On a cold and windy Saturday morning, 12 students walked onto a tobacco field along the Yadkin River. Carrying shovels, screens and other equipment, they trekked towards a small sectioned off area in the middle of the field. Within an hour, they began finding artifacts more than 500 years old.
Excavations that started during the summer revealed the site was home to Native American families between the 11th and 16th centuries.
Peter Ellis, a senior anthropology major, has worked at the site since May with Eric Jones, assistant professor of anthropology. Funded by a summer research fellowship through the Undergraduate Research and Creative Activities Center (URECA), Ellis spent 10 weeks carefully removing soil and screening for artifacts.
Based on current evidence, Jones estimates the site contained only 12 to 25 people. Communities like this one made up rural America from 500 to 1000 years ago. Studying them can give a more complete picture of what life was like during this period in North Carolina's history.
"We are interested in how smaller communities interacted with their environment and the other small and socially complex communities around them," said Jones. "There is a debate about what settlements looked like during this time. We do not know if small sites arose as people seasonally aggregated in the winter and scattered in the summer or whether small and large communities existed year round and people chose which one to live in."
This fall, Jones and Ellis shared what they had already learned with groups of anthropology students visiting the site for the first time.
"So far the evidence suggests that this site was a permanent settlement," said Jones. "But we want to find another structure or more botanical remains that show the occupation was year round."
Many of the artifacts found at the site have been pieces of pottery, which can provide important information about the settlement. The raw materials used to make pottery can often be traced to a specific geographic location. Additionally, different groups had unique pottery styles, so studies of pottery sherds can give clues to how this group interacted or traded with other nearby groups.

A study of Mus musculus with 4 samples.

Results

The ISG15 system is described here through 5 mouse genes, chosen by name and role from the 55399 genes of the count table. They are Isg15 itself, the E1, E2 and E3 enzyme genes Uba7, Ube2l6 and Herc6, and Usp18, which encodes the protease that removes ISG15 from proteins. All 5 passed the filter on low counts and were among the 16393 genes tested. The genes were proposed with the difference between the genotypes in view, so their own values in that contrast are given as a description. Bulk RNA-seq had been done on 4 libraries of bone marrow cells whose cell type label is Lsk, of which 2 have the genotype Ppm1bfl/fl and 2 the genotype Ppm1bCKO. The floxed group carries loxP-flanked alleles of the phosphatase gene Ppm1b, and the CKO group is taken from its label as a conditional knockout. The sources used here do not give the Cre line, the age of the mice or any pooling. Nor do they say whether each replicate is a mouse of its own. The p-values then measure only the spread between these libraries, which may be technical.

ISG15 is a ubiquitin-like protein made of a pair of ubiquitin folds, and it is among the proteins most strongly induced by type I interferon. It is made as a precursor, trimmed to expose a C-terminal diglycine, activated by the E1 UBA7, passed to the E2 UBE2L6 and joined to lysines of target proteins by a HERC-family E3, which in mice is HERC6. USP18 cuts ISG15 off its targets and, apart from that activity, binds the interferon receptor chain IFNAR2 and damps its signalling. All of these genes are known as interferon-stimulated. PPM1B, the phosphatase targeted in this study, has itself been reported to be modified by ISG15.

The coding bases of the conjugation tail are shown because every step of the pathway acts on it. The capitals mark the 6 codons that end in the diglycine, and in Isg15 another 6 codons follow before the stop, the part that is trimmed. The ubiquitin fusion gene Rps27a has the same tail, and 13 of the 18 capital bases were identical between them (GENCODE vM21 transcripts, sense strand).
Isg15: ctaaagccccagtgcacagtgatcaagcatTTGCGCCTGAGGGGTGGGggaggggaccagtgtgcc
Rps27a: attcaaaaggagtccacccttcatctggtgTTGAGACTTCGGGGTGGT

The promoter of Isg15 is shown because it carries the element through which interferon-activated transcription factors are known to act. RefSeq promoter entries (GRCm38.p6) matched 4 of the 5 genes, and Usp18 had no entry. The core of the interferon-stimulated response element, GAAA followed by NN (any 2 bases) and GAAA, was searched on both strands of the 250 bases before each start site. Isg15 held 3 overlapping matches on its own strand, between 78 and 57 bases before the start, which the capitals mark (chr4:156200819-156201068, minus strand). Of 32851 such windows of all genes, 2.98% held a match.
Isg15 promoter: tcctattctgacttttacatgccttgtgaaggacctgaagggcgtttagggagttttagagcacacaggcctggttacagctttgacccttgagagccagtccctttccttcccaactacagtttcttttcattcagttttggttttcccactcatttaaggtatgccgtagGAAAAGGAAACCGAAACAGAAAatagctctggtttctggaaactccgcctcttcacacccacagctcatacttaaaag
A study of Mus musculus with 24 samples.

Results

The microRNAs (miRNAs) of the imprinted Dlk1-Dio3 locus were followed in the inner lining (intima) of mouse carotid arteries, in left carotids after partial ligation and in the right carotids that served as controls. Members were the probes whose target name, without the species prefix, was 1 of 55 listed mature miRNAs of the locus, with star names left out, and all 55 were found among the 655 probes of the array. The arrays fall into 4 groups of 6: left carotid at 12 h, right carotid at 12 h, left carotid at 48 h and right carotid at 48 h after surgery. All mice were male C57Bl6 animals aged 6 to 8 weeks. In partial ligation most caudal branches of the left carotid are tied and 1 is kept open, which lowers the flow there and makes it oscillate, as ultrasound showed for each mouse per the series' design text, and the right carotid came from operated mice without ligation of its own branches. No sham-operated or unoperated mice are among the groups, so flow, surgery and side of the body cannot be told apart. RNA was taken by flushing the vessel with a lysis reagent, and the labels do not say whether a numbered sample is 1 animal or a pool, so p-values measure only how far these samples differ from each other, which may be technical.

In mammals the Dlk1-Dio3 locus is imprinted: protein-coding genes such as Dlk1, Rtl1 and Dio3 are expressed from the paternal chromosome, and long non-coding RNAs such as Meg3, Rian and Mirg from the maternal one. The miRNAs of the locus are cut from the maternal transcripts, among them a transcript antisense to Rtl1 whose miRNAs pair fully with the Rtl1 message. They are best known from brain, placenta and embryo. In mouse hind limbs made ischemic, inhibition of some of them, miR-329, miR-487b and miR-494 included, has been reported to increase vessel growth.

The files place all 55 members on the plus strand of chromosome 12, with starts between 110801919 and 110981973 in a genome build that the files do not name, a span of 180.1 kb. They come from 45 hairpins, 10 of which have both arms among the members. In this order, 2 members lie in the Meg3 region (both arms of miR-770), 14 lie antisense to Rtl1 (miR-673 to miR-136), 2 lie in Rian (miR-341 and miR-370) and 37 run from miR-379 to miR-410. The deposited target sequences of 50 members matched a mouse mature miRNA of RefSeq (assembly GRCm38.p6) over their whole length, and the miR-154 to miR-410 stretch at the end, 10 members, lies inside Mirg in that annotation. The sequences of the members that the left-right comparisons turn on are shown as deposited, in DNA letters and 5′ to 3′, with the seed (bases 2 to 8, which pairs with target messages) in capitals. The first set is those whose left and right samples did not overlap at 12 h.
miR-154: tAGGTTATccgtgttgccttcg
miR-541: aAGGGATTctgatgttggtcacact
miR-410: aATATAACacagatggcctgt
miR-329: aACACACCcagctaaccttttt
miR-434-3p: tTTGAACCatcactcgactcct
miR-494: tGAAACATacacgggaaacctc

Jones brought students in his North American Prehistory class to the site as a fun way of learning hands-on archaeology. "Information makes more sense when you are the one finding artifacts and working on answers," said Leah Schenkel, a senior history major and anthropology minor. "Working at an archaeological site helps you learn the steps of archaeology from the recovery to the analysis to the interpretation.
As students discovered artifacts, Jones explained what the function of each may have been. Rocks that had been burned, termed "fire-cracked rocks," were probably used in cooking. A small piece of quartz may have once been a part of a stone tool.
Each artifact the students found were bagged and labeled to bring back to The Anthropological Geographic Analysis Lab. In the lab, they will be washed and examined to determine their composition and identify any distinguishing features. These artifacts can also be used to determine what activities were carried out at the site and when the site was occupied.
"Working at the site I gained a larger perspective about the importance of carrying out field work," said Ellis, who plans to attend graduate school in anthropology. "It is one thing to read about the conclusions of other archaeologists, but an entirely different experience to be able to do this for myself. I enjoyed analyzing and drawing conclusions about archaeological evidence, whether it was the mess of post molds we had uncovered or the style of a projectile point we found."
Jones plans to continue to work with students at this site. Earlier in the semester he brought his introductory archaeology class to the site and this summer he will teach students archaeological methods at an archaeology field school.
"I would love to continue doing research like this," said Ellis, "despite managing to get caught in some very large and sudden storms and getting chased by a cow."